Michael Vick: Why He's a Better Fantasy Option

George BankoContributor IIIJuly 26, 2012

PHILADELPHIA, PA - JANUARY 01:   Michael Vick #7 of the Philadelphia Eagles drops back to throw a pass against the Washington Redskins at Lincoln Financial Field on January 1, 2012 in Philadelphia, Pennsylvania.  (Photo by Patrick McDermott/Getty Images)
Patrick McDermott/Getty Images

Only Michael Vick can stop Michael Vick.

That’s the picture being painted of the four-time Pro Bowler, whose Jamie-Foxx-in-Any-Given-Sunday style of play has garnered more criticism than praise as he enters a gut-check season in his career.

While his knack for the spectacular in the open field has always dropped jaws and provided glimpses of what a truly superior athlete can do, Vick became more and more aware in 2011 that his fragile 6’0", 215-pound frame doesn’t exactly lend itself to taking constant licks from salivating defenders.

More importantly, his reckless style of play hasn’t translated to success in the win column or preserved his body throughout the season, which is essential when the games reach playoff and Super Bowl intensity.

How many times have we seen teams dance around the .500 mark only to squeak into the playoffs, all of sudden get healthy, play with a new-found fire in their belly, and steal the Super Bowl. Success in the NFL is much more about waiting for the right time to peak than it is about going all out to get a few inches for a first down on second and five.

Vick’s need for success almost goes beyond a simple championship.

He plays for a franchise craving a championship like Andy Reid craves Cheese-wiz. Philadelphia football fans have felt the sting of being a bridesmaid to their steel-toed boot neighbors Pittsburgh for years, so no added pressure or anything right?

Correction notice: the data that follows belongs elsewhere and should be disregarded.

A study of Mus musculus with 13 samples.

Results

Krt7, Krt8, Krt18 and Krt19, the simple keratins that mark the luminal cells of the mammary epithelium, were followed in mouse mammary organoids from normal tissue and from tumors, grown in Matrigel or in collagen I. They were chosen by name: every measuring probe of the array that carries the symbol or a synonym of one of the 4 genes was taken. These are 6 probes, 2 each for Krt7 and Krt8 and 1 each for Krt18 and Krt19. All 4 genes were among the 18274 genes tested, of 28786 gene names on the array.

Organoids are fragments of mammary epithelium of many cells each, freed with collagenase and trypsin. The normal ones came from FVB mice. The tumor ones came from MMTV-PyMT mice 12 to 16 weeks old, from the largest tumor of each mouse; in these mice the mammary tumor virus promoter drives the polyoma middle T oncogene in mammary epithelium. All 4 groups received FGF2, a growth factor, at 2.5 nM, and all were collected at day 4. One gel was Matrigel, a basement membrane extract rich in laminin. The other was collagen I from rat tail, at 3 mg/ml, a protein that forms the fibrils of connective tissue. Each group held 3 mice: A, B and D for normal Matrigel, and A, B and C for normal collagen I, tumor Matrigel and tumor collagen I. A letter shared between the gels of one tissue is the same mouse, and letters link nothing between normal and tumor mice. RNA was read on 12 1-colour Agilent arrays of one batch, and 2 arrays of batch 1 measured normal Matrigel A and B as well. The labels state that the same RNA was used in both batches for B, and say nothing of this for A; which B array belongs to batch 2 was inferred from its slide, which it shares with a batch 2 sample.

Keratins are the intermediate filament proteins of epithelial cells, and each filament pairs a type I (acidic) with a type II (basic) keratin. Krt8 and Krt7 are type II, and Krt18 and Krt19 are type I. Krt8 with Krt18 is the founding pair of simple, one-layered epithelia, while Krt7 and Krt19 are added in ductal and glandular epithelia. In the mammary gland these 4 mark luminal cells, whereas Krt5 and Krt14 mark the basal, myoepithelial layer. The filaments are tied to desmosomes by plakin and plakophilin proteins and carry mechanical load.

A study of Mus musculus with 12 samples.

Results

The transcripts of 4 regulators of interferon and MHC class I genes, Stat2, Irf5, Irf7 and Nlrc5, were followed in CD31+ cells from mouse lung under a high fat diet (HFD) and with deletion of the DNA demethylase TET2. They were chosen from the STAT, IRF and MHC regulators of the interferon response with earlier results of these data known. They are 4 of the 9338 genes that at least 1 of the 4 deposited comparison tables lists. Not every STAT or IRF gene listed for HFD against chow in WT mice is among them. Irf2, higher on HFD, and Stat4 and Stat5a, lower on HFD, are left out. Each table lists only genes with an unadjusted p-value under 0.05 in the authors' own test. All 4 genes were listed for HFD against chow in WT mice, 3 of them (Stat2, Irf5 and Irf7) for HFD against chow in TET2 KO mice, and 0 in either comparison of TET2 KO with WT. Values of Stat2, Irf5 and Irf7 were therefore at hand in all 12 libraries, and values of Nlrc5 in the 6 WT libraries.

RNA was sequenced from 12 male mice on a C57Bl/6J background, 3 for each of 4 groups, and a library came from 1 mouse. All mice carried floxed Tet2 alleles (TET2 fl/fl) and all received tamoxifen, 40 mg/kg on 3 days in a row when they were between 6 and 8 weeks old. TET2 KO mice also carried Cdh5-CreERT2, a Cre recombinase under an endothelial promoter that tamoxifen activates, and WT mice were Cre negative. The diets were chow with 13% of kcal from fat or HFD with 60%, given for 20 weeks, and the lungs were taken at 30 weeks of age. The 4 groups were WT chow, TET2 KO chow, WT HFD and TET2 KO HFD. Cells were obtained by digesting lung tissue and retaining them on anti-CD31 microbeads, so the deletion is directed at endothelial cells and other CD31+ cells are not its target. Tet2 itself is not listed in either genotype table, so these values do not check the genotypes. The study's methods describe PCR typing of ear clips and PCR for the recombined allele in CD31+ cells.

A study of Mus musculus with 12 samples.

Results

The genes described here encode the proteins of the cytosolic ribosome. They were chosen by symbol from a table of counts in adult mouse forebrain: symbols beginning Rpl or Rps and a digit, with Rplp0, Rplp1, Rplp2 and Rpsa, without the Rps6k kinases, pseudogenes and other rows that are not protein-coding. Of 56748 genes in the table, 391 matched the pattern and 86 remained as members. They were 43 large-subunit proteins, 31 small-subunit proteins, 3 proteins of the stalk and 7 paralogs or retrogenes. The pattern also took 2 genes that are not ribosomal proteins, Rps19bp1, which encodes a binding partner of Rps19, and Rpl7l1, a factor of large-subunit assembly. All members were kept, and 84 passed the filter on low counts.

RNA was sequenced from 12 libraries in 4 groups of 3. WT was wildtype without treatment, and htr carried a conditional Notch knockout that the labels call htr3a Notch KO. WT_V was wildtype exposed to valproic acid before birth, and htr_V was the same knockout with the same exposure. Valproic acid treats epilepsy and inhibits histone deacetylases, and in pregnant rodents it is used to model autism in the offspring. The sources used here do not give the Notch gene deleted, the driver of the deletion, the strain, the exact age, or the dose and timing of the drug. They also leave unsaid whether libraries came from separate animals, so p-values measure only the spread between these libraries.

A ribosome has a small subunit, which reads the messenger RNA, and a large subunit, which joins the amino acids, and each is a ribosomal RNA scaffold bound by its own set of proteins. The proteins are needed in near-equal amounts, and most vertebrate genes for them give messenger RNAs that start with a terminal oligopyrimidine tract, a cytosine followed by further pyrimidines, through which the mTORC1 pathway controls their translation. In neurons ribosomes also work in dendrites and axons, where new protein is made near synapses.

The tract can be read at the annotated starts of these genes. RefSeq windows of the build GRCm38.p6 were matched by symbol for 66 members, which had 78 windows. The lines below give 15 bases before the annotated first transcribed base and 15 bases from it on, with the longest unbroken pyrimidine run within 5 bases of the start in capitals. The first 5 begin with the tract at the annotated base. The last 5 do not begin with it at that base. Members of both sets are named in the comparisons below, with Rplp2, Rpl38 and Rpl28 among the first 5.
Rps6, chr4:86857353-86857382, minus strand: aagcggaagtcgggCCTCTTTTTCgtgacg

Oh, and there’s the whole still-needs-to-redeem-his-legacy-after-the-dogfighting-debacle. That may be old news to some people, but you can’t act like it’s still not playing a huge motivating factor in Vick’s mind.

Injuries served as the primary postseason axe when it come to Vick’s fantasy failure last season. His three-game absence down the stretch of last season cost the Eagles dearly. They lost two of three important games and would have gone 0-3 had it not been for a great defensive showing against the New York Giants in Week 11.

His late game departure against the Atlanta Falcons kept the Eagles from jumping out to a 2-1 record and his inability to finish the team’s first game against the New York Giants cost the Eagles another win. Those two occurrences could very well have been the difference between an 8-8 and 10-6 record.

But, sometimes you win and sometimes you learn. 2011 was just as important as 2010 for Vick.

He understands now that he can’t play with the same kind of reckless abandon that he has played with in years past. Not only that, but 2012 is Vick’s first full offseason as a clear-cut starter with the Philadelphia Eagles.  From a chemistry standpoint, he’s had more time to gel with his young offensive line and receiving core.

He’s also got a more experienced defense backing him up that added a few valuable pieces during the offseason, mainly at linebacker in DeMeco Ryans. This defense is simply too talented to repeat last year’s disappointing output, and should help Vick stay on the field more to rack up the points in 2012.

As important as a year of experience playing together is, Vick’s fantasy value is predicated on his ability to stay healthy, which is something he’s vowed to work on during training camp. Vick has even gone as far to promise he’ll be healthy for the entire season, preaching increased awareness of what down it is and waiting to get the yardage needed on the next play instead of taking a hit.

We’ve seen Vick do damage in the pocket before, and he’ll be more disciplined with that in 2012. He also rushed for just one touchdown last year, which by law of averages is almost certain to not happen again. He’s currently being drafted in the fifth round in most mock drafts, a very good value considering how a few seasons ago he put up the single best fantasy football performance of all time.

He’s gone from underrated, to overrated, to underrated again. He’s still a No. 1 fantasy option and odds are he’ll rebound in 2012.